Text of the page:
Qalandiya - It’s procedure


It’s procedure

An ambulance from the West Bank was parked at the northern entrance to the checkpoint compound, waiting for the ambulance supposedly arriving from the opposite direction and carrying a cancer patient that had been treated at the Augusta Victoria Hospital in East Jerusalem.

They’re returning him to his home in Tul Karm, said the ambulance driver. Poor guy, but there’s nothing to do. It’s all from Allah.

Why does the ambulance coming from Augusta Victoria not go directly to Tul Karm?

-It’s procedure.

Why did the ambulance driver park outside the checkpoint and not inside to shorten the wait? -It’s procedure.

The drive to Tul Karm takes half an hour, said the driver, who after waiting for half an hour was still waiting.

When the ambulance bringing the patient arrived and reached the center of the vehicle checkpoint, only then did a soldier signal to the ambulance driver from Palestine that he was allowed inside the compound.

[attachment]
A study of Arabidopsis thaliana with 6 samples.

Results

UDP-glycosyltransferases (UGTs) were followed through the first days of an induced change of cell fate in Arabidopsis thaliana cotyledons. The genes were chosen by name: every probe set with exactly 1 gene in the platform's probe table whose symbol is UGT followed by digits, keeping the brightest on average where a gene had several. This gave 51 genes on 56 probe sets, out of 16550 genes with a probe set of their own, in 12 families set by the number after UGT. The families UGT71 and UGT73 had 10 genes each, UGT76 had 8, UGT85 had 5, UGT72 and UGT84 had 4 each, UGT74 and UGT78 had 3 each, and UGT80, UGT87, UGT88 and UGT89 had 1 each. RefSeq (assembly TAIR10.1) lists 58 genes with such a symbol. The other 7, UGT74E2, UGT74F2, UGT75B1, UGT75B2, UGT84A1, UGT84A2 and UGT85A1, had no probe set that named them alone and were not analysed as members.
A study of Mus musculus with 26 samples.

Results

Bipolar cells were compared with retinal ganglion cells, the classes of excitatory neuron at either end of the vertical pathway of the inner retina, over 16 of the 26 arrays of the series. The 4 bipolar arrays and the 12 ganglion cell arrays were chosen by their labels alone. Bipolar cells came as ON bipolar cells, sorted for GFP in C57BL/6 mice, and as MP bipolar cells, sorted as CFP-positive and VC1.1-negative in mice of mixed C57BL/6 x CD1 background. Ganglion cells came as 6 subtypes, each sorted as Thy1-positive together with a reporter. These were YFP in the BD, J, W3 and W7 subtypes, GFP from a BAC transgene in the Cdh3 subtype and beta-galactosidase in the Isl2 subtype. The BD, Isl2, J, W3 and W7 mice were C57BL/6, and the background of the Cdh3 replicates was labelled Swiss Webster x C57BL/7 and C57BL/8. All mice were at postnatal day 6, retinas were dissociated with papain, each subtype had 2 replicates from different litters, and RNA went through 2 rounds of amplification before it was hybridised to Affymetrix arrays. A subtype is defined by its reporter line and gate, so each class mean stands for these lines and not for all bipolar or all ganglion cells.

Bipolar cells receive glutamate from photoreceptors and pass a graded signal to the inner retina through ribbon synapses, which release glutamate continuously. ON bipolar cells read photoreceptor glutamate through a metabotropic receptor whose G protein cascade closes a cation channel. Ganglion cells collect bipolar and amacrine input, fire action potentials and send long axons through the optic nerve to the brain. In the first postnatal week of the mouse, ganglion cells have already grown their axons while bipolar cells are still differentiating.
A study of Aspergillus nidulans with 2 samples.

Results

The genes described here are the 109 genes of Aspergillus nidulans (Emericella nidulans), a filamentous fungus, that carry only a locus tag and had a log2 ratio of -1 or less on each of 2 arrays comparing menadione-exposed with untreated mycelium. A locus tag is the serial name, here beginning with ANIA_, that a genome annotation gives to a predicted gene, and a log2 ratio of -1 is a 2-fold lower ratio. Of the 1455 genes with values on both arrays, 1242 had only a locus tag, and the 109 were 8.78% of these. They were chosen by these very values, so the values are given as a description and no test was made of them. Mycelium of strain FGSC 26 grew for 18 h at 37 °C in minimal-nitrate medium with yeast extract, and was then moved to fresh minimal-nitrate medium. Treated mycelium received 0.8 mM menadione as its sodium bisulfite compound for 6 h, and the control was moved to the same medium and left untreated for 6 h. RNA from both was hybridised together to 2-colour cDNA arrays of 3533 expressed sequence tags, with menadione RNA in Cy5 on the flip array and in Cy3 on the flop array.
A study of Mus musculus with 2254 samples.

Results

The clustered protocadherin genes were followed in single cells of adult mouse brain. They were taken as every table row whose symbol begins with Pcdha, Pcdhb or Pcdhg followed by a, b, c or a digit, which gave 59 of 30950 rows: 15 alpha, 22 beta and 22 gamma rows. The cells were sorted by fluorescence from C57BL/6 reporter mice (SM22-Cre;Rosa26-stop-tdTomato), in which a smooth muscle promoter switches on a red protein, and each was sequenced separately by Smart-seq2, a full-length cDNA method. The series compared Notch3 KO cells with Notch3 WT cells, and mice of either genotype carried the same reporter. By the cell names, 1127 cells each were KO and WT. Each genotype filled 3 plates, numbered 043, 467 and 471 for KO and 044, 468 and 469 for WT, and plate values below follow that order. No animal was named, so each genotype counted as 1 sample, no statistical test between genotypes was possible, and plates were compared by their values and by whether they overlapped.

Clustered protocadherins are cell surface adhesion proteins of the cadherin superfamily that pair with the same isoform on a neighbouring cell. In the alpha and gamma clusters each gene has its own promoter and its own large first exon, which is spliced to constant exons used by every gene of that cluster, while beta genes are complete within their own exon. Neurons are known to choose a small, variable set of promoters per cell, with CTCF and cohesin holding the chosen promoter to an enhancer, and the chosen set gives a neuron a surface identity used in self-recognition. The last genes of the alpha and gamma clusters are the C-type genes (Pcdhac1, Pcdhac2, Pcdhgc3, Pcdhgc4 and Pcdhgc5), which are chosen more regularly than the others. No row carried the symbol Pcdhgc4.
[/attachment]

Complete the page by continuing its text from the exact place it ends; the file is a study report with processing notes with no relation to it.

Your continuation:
Why was the dying patient pushed around between stretchers and ambulances in full view of soldiers and guns?

-It’s procedure.


A resident of the Qalandiya refugee camp spoke excitedly about the incursion of Duvdevan soldiers (one of the Israeli army units ‘in charge’ of the Occupied Territories) in one of the camp’s alleys, during which they fired at children playing outside their homes.

No one was injured, he said, but there was a lot of fear. The Duvdevan guys are the worst.

-I know it’s dangerous to mess with them, when they’re around I vanish.

-How do you know they are Duvdevan?

-Soldiers in civilian clothes are Duvdevan.

-When was this?

-At night. Not last night, the one before.